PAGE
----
Rank #1: Why Unschool?
What is unschooling? How does it work? And why do families choose this path?
Today’s star-studded cast includes Jan Hunt, Kelly Lovejoy, Jerry Mintz, Idzie Desmarais. Carsie Blanton, Michelle Loucas, Sandra Dodd and Nikiah Childs.
Rank #2: A Typical Day
A typically atypical unschooling day.
Rank #3: Teens
What's it like to be an unschooling teen?
Rank #4: Gaps and Being "Behind"
Sometimes people worry that, if children don’t follow a set curriculum, they will have gaps in their education, or that they will be behind.
Is this a valid concern?
Rank #5: Gever Tulley
Gever Tulley is the founder of Tinkering School and author of the book 50 Fangerous Things You Should Let Your Kid do. This is an extended recording of Gever talking about Tinkering, his original TED talk, his book, and the value of parents and children doing dangerous things together.
Rank #6: Writing
Learning to write without pain and suffering.
Rank #7: When Unschooling Fails
Sometimes people say “Unschooling isn’t working for my child” or they say, "We tried unschooling but it didn’t work."
This is the topic for today: When, why or how does unschooling fail?
Rank #8: Deschooling
Before unschooling can flourish, parents and children need to undo old ideas about learning. This process is called Deschooling and it provides a vital foundation for the unschooling journey.
Most people who grow up going to school end up believing that learning is something that has to be forced, and that learning isn’t fun. Children who are never forced to do schoolish things have no reason to believe this.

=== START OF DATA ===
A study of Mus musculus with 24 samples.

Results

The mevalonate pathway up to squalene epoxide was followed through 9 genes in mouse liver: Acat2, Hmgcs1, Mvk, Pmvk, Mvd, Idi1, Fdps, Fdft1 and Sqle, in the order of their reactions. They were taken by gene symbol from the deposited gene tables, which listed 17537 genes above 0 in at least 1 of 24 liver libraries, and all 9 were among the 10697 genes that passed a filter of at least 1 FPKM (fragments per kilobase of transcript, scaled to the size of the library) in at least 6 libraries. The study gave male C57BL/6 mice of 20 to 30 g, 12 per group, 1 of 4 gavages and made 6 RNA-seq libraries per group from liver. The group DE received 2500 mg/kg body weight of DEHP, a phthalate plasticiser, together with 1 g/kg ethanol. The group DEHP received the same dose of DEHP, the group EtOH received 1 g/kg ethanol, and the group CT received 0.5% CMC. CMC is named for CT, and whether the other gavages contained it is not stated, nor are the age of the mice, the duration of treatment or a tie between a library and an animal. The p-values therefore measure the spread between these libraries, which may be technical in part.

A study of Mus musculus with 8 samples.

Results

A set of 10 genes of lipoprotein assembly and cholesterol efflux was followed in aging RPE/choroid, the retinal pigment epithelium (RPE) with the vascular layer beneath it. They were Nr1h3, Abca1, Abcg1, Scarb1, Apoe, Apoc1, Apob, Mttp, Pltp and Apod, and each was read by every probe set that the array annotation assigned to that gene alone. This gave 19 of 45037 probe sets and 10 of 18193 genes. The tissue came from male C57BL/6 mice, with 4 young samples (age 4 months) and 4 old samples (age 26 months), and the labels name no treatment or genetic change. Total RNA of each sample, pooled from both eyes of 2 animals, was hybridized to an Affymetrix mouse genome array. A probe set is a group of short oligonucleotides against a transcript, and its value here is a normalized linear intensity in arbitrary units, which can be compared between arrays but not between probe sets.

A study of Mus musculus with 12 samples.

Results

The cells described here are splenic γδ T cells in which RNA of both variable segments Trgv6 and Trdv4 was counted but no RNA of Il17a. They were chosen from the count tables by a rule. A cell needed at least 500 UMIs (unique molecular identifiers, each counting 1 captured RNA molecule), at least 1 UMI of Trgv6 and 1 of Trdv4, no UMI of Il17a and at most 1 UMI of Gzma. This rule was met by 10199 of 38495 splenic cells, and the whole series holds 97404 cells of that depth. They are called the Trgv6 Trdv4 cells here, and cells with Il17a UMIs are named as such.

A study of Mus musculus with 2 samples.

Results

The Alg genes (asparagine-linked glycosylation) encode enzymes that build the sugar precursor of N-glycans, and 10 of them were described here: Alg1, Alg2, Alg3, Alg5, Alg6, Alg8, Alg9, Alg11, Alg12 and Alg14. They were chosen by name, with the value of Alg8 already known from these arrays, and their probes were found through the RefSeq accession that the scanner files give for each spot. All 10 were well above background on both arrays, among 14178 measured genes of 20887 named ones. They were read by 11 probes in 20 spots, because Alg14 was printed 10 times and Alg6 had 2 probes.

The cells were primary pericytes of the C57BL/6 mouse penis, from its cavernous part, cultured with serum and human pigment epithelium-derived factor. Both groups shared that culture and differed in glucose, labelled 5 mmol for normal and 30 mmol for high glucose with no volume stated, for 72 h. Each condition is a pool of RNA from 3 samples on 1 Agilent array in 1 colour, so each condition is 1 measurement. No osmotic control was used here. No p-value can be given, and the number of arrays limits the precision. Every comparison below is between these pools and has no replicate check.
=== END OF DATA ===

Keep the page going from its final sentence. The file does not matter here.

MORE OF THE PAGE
But children – and parents – who DID go to school, and who do believe this, before they can find the joy in natural learning, first have to un-learn this idea that they acquired from the forced-learning school model.
Sandra's tip for this process:
Read a little
Try a little
Wait a while
.... then, repeat.
Rank #9: The Word Unschooling
Where did it come from? And where is it going?
Rank #10: Math
Learning math without school and without coercion.
Rank #11: Food
Can even meal times be time of joy and harmony - and learning?
Unschoolers say, absolutely YES!
Rank #12: Dads
What about dads?
Rank #13: Going to College
Question: If children don’t go to school or follow a set curriculum for elementary or high school, how can they get into college or earn a college degree?
Answer: Lots of ways!
Rank #14: Relatives
When relatives don’t support unschooling… what then?
Rank #15: Longer interviews with Liberated Learners
Princeton Learning Cooperative
Bucks Learning Cooperative
Rank #16: Who Can Unschool?
Just about any child will learn and flourish in a truly loving and educationally-conducive environment. So every child has the potential to be a successful unschooler.
The question is, what qualities and skills must a parent have, in order to be able to provide this environment?
Rank #17: Personal Growth
One of the hidden benefits to unschooling is that it can help parents learn, heal and grow.
Rank #18: Strewing
"I strew their path with interesting things."
Rank #19: Single Parents
For many people, unschooling as a single parent would be way too hard.
But today we hear from some “solo mums” who are unschooling successfully, with joy, learning, abundance and partnership.
Katie O’Connor is the director of the Talking Stick Learning Center.
Danielle Owens is on the board of DrMomma.org and Saving our Sons.
Brie Jontry teaches online classes for West Chester University of Pennsylvania.
Tanya Marinelli runs Wellness and Empowerment Camps for Kids.
Lainie Liberti facilitates World School Retreats for unschooling teens.
Rank #20: "Bored" and "Lazy"
Parents worry a child might be too “bored” or “lazy” to unschool. Is this possible?
My conclusion is - not only are boredom and laziness not reasons or proof that unschooling doesn’t work - they can be great opportunities to learn new things, to have more bonding experiences, giving a chance for parents to pay closer attention to their child and find out more that is going on deep inside.